Lance T. Izumi and Bruce Fuller provide opposing opinions in the New York Times about presidential candidate Senator Barack Obama's support for bilingual education.

Mr. Izumi argues that English immersion works better than bilingual education, citing the success of a single elementary charter school in Los Angeles County. (I've written on this blog before about Mr. Izumi's preference for English-immersion methods.) Mr. Izumi is the senior director of education studies for the Pacific Research Institute for Public Policy.

Mr. Fuller says bilingual education can work well, if the teachers who carry it out are well-prepared to do so. Mr. Fuller notes that a review of research concerning the teaching of literacy to English-language learners favors bilingual education. Mr. Fuller is the director of the Policy Analysis for California Education, an independent policy research center based at University of California, Berkeley, and Stanford University.

By the way, I've been trying since the Republican National Convention to get an answer to what Republican leaders mean when they say in their platform that "we support the English First approach and oppose divisive programs that limit students' future potential." I've sent e-mail requests umpteen times requesting clarification and left voice mail messages several times for press officers with the Republican Committee. Still, no one has responded with further clarification.


Bilingual education can be important and research says that it is the most effective way of learning English. My guess about the way many people feel about Bilingual education is that it is almost always done in poverty stricken areas which bring educational standards down considerably so people don't see effectiveness and results. The programs are almost exclusively done in Spanish. We need to get rid of the rules saying that Bilingual education isn't required unless one school has 20 students or more in the same grade. That causes schools to group these kids in one school or in a few schools (and I guarantee they are not the best the school districts have to offer) and they are often isolated from native speakers or native speakers who might actually be studious and accomplishing something. I don't see why there can't be intinerant bilingual teachers as there are ESOL teachers and that they be able to reach a wider population of students. Using English only sounds good if you don't understand language acquisition and are afraid of large groups of language minorities. Having access to their language is important to kids and books in their native language is important too. We are not allowing it and it impedes comprehension and learning.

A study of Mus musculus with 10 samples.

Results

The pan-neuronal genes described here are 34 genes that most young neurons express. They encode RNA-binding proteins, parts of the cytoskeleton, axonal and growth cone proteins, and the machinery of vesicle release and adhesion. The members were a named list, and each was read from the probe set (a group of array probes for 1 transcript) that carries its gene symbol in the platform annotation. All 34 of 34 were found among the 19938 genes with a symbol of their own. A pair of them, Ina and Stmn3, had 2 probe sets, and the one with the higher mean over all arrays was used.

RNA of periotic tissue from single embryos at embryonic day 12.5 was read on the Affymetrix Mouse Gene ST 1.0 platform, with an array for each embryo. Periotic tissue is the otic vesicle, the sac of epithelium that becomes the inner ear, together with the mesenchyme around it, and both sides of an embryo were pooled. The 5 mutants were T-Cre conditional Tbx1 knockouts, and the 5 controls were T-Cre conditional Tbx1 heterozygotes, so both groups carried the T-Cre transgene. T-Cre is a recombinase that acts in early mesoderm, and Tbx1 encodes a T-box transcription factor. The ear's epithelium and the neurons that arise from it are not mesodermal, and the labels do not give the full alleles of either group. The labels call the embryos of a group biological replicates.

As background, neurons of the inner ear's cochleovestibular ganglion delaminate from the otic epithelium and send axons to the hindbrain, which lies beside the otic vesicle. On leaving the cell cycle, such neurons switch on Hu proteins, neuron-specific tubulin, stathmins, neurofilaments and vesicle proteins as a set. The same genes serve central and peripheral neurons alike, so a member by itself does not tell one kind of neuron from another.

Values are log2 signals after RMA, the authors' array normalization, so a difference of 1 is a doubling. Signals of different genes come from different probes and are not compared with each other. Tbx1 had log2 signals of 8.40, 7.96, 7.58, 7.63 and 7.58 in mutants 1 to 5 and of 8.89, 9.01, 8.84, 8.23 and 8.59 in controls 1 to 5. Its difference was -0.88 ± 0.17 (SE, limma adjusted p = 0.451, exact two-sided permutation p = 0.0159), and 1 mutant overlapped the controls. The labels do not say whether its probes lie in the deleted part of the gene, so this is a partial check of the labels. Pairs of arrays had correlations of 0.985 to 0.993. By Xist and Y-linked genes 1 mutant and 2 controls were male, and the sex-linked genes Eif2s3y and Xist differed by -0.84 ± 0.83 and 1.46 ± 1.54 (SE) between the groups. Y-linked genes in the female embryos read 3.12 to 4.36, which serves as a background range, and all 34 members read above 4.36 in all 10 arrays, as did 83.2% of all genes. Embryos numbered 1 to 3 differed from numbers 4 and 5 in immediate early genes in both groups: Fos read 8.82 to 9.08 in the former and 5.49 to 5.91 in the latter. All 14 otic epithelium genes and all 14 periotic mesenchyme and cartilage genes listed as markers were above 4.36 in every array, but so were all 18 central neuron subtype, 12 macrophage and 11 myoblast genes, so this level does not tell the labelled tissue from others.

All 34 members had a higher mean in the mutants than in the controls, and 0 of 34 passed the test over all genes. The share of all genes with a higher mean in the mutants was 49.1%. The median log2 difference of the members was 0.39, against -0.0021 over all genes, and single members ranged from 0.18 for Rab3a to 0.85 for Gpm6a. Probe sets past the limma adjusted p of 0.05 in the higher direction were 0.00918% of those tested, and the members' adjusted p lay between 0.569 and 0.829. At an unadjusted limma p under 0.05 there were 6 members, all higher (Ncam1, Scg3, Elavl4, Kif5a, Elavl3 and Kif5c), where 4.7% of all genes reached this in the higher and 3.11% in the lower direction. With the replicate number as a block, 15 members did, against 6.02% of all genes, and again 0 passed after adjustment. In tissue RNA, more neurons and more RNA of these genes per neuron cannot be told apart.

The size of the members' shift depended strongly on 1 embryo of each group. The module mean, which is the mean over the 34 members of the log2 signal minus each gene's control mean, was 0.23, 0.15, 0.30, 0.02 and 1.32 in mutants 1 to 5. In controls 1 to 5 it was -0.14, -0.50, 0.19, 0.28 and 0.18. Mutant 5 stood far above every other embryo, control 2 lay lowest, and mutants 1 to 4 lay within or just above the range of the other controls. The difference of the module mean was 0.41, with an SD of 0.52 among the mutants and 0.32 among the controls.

I do have to admit that the Bilingual education program near me has a reputation for being awful and that it has the lowest graduation rate of any program. It is not because the staff are "bad". I think it does have something to do with the poverty in the school district, the true isolation Bilingual students grow up with in bilingual programs - they become more fearful of others in the school, communicate with each other more and have less access to the outside world. These are issues the researchers on Bilingual education tend to try to ignore or explain away. They don't research it as far as I can see but it is seen by others. The outside groups have the same reaction to the bilingual kids. Being "mainstreamed" in lunch, gym and art doesn't count for much. There is very little interaction going on that isn't impeded by a class and kids tend to sit with those they know and relate to in lunch. We need to break Bilingual education out of the ghetto into the mainstream and find a method that isn't so binding one way or another. There needs to be more languages and students included.

Successful transitional bilingual programs exist nationwide, but rarely receive the attention they deserve. We have been locked into a one-size-fits-all test-driven philosophy for too long now. To exclude "one" program model and promote "one" other based on opinions that ignore documented successes, to avoid adequate analysis of weak implementation of research-based models, and refuse to involve stakeholders in a process that affect student outcomes are among the fundamental changes that need to occur. The debate over bilingual education is ideological and as a nation is not productive. It is time to address adequate implementation of programs serving ELLs. Put the focus back on the kids.